Hedge fund legend and billionaire investor Mike Novogratz may have viewed last week’s bitcoin price decline as an opportunity to purchase $15 million to $20 million worth of BTC at a discount, but market forecaster Dennis Gartman maintains that there “is no value” in the nascent cryptocurrency.
Gartman, who has been nicknamed the “commodities king”, told CNBC’s “Fast Money” that while he believes blockchain technology “has merit” and is “going to change the manner in which we trade…and invest,” he does have any desire to enter the cryptocurrency ecosystem as an investor or trader.
When pressed to explain his bearish stance, he argued that bitcoin’s price volatility inhibits its use as a currency. “How can you buy or sell a painting using bitcoin, when the change in volatility is 20-30-40 percent in the course of a week? It’s nonsense,” he said.
It’s true that the bitcoin price remains highly volatile, but this line of argument does not consider that the bitcoin price will necessarily exhibit volatility as the global market determines its fair value. It also ignores the prevalence of payment processing services such as BitPay, which automatically convert cryptocurrency payments to local fiat currency at the point of sale to shield businesses from price volatility. These services also help companies use cryptocurrency to streamline supply chain payments across borders.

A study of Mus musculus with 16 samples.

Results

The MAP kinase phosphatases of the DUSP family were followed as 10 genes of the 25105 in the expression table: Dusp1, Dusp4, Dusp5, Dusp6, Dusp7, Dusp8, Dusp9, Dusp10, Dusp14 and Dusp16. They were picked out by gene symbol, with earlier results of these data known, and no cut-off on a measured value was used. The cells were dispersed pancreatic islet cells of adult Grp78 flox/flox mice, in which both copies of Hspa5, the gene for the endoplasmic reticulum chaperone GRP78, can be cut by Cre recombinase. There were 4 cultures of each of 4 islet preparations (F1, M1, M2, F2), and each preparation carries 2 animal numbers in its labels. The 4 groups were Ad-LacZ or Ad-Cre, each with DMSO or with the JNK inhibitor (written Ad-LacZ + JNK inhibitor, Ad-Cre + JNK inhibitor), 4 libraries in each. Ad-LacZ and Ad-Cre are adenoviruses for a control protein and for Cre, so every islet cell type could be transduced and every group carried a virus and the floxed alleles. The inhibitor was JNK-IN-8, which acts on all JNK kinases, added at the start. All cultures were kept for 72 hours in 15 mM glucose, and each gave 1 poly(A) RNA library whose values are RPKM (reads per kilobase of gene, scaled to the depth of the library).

Gartman’s skeptical stance on bitcoin is shared by many mainstream financiers, most notably the bombastic Jamie Dimon. However, this legion of critics is beginning to thin, and it is becoming increasingly difficult to claim that cryptocurrency only attracts criminals and young, presumably-inexperienced investors.
Just this week, one of the world’s largest hedge funds — the U.K.-based Man Group — revealed that it is prepared to add bitcoin to its “investment universe” once bitcoin futures contracts launch on U.S. exchange CME in approximately one month.